Youngstown native Ricardo Cruz had spent more than 23 years as a General Motors employee when he found out that the plant where he worked was closing.
“I was caught in a decision of whether or not to transfer, follow GM to another plant and uproot my family,” he said. “I didn’t want to do that, so I started looking at my options.”
Thirteen months later, Cruz graduated from the Master of Business Administration – General online program at Youngstown State University with a 4.0 GPA in May 2020.
“I wanted to build on my bachelor’s degree, so I made an appointment and went to YSU,” he said. “After talking with [MBA Program Director] Monique Bradford, it seemed like the right fit. The rest is history.”
Now, Cruz is the branch manager of Farmers National Bank of Canfield, Ohio, after starting a new career path as a banker in September of last year.
“Banking fell onto my plate,” he said. “Coming from a manufacturing background, I was looking at something more like a factory management role. For months, I had never thought of it. Toward the end of my job search, it became a viable option. I’m happy I did it. It’s been great.”
The online format helped Cruz earn a degree while working full time and learning a new industry. He and his wife, Courtney, have two children, Dominic (14) and Olivia (12).
“I don’t know if I could have even managed a hybrid program with starting a new job and taking on a new role,” he said. “The fact that it was an online program and manageable was huge. I needed that flexibility.
He credits YSU’s instructors with helping every student feel included in the virtual discussion boards.
“The professors made it effective and convenient. Given my situation, it was great,” he said.
Cruz moved to Canfield when he was 8 years old. He graduated with a bachelor’s degree in chemical engineering from YSU in 2004. By that time, he already had eight years of experience at GM in Lordstown, Ohio, so he stuck with it.
“The biggest draw to the MBA program right off the bat was that business was something I always wanted to explore,” he said. “My wife works in the YSU School of Education as an instructor, which was also a plus. I had also already gone to school there, so it seemed very attractive.”
OMBA 6944: Operations & Supply Chain Management, taught by Dr. Birsen Karpak, and OMBA 6923: Corporate Financial Management, taught by adjunct professor James Senary, were Cruz’s two favorite courses in the online MBA in Leadership program curriculum.
“Dr. Karpak was excellent,” he said. “She did a good job of making the class great. I liked the material. This was the first time I had experienced online courses. It was a huge adjustment at first. You have to be on your toes.”
Cruz said the faculty and staff at YSU helped make sure that he was set up for success in the return to his alma mater for a master’s degree.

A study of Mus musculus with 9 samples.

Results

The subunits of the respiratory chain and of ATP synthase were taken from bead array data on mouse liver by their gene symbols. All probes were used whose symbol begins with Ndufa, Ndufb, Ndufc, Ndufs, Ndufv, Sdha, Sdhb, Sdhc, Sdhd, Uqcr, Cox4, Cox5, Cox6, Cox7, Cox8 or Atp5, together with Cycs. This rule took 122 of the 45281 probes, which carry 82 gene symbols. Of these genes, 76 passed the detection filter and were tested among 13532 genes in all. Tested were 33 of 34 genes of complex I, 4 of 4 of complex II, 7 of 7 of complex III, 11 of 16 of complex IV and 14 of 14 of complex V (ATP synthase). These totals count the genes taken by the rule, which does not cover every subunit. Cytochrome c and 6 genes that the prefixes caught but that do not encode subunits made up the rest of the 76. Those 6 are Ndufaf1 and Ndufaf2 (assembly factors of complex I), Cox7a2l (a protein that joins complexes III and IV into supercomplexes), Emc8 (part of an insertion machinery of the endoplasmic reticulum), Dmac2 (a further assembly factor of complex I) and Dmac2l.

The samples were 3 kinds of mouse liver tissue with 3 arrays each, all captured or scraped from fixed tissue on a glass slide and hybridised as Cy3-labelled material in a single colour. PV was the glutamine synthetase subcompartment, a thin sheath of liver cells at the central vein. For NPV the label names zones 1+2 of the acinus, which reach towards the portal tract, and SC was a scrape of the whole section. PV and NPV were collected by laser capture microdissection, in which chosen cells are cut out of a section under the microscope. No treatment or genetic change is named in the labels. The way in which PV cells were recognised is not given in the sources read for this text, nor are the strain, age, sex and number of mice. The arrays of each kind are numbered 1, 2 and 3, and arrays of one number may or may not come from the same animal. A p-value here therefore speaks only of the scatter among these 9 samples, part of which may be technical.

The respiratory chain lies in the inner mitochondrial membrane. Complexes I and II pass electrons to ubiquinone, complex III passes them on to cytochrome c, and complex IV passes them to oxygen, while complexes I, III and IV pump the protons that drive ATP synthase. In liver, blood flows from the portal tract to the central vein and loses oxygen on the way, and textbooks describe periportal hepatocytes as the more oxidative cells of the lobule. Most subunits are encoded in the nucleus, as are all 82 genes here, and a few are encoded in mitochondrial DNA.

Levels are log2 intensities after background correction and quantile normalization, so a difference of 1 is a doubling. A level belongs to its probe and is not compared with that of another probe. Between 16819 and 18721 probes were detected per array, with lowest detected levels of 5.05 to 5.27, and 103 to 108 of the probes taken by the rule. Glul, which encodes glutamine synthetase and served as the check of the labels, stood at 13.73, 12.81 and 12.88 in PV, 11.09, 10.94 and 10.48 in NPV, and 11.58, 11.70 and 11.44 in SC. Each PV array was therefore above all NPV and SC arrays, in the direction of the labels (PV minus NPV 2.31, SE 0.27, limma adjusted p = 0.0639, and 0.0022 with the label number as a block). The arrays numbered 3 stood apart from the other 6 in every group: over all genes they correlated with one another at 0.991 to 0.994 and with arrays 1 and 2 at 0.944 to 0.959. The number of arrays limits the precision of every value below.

“I loved the MBA program,” he said. “The way that YSU faculty and staff runs it is so great, from Dean Betty Jo Licata to the professors who were good about guiding me and giving me open access to themselves. It worked out well. I was able to get the degree done in a little more than a year. That helped me, big time.”
Since graduating, Cruz has earned a Project Management Professional and Lean Six Sigma Green Belt certifications to add some diversity to his skill set as he builds on his new career.
“Both of those certifications are playing into a role that I might be going into soon,” he said. “Within the next six months to a year, I could get another opportunity to move up and do some project management at the bank. I have already been using everything that I learned in the program at my job.”
Cruz also has a combined four years of volunteer experience at his church and with a youth nonprofit called Junior Achievement. He also plays drums and guitar during his free time.
“I haven’t been able to give as much time to [music] as I’d like, but I would love to get back to it,” he said. “I used to be in bands and play in clubs back in the day. My main outlet now is playing in church.”
Speaking from experience, Cruz said one of the most important things he learned in the MBA program was to make the most of the available resources as an online student.
“It’s important to take time to learn the different industries,” he said. “Talk to people who work in those industries and find out what they do on the job. Get some advice and network like crazy. Network, network, network.”
Cruz has gone from unemployed to running a bank with a graduate degree, and he credits his family for helping him stay the course and make it all happen.
“I had a lot of support and a lot of enthusiasm,” he said. “I couldn’t have done it without them. It was a good experience for the kids to see us go through adversity and come out on the other end better than where we started.”
Learn more about YSU’s MBA – General online program.